Sen. Mike Lee (R-Utah) said on Friday that he has tested positive for the coronavirus, news that came as the nation was reeling from President Trump's own coronavirus diagnosis.
Lee, the third senator known to have tested positive for COVID-19, said in a statement he took a coronavirus test on Thursday after experiencing symptoms similar to those he has had for longtime allergies.
"Unlike the test I took just a few days ago while visiting the White House, yesterday's test came back positive. On advice of the Senate attending physician, I will remain isolated for the next 10 days," Lee said in a statement.
Lee's announcement comes just hours after Trump disclosed that he and first lady Melania Trump have tested positive for the coronavirus. Lee was at the White House on Saturday.
Sen. Rand Paul (R-Ky.) in late March was the first senator to announce that he had tested positive for COVID-19, followed by Sen. Bill Cassidy (R-La.) in August.
Democratic Sens. Bob Casey (Pa.) and Tim Kaine (Va.) have both said they tested positive for coronavirus antibodies, suggesting they were previously exposed to the virus.
Lee, who previously quarantined in March because of Paul's diagnosis, has been in the Capitol this week. He met with Judge Amy Coney Barrett, President Trump's Supreme Court nominee, on Tuesday, took part in closed-door GOP caucus lunches and was at the Senate Judiciary Committee's business meeting on Thursday.
His disclosure that he has tested positive will likely add new urgency to the ongoing discussion about setting up routine testing in the Capitol. Senate Minority Leader Charles Schumer (D-N.Y.) said in a separate statement on Friday that Trump's diagnosis underscored the need for testing in the Capitol, and House Majority Leader Steny Hoyer (D-Md.) and Speaker Nancy Pelosi (D-Calif.) also discussed the issue on Friday.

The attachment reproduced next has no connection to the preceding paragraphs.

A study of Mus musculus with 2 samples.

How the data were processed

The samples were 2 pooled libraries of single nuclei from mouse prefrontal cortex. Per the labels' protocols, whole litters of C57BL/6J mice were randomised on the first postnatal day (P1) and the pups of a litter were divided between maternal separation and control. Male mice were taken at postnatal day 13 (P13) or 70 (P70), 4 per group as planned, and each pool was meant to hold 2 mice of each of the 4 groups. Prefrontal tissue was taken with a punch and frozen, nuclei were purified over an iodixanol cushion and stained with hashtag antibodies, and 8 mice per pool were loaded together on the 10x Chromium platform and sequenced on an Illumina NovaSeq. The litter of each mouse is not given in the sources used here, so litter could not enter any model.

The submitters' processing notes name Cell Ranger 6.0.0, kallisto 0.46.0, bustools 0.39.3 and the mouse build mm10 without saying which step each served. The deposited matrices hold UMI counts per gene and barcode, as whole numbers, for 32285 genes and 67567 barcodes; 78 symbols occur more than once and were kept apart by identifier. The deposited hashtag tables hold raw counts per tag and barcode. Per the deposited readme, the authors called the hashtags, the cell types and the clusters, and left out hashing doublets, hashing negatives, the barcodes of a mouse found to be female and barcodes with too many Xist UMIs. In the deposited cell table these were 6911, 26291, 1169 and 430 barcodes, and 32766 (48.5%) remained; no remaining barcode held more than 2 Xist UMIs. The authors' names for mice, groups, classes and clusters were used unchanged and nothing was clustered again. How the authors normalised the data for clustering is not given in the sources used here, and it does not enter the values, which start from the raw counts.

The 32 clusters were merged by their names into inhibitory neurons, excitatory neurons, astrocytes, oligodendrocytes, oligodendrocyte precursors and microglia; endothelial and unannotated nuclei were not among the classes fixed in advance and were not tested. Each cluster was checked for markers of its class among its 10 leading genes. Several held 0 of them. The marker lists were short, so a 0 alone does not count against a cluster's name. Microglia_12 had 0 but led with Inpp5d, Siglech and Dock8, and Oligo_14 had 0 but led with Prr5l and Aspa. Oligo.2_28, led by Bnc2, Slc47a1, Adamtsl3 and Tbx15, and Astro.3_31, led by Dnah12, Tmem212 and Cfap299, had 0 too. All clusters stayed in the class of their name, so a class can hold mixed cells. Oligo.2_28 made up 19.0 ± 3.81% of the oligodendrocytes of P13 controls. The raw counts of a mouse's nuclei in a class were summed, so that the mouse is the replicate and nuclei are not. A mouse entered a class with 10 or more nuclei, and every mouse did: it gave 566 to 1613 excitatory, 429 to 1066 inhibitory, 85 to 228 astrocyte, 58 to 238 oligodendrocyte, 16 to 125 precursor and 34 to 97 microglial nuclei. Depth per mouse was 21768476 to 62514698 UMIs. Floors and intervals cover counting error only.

Lee is on the Judiciary Committee, which is expected to start its hearing for Barrett's confirmation on Oct. 12. Lee, in his statement, said he would return to the Senate in time to vote on her nomination on Oct. 22. With Republicans holding a 12-10 majority, if Lee is absent the party will need every member present and voting to send the nomination to the floor.
"I have spoken with Leader McConnell and Chairman Graham and assured them I will be back to work in time to join my Judiciary Committee colleagues in advancing the Supreme Court nomination of Judge Amy Coney Barrett in the committee and then to the full Senate," Lee said.
Both McConnell and Sen. Lindsey Graham (R-S.C.) indicated on Friday that they plan to move forward with Barrett's nomination as planned.
"Just finished a great phone call with @POTUS. He’s in good spirits and we talked business — especially how impressed Senators are with the qualifications of Judge Barrett," McConnell tweeted. "Full steam ahead with the fair, thorough, timely process that the nominee, the Court, & the country deserve."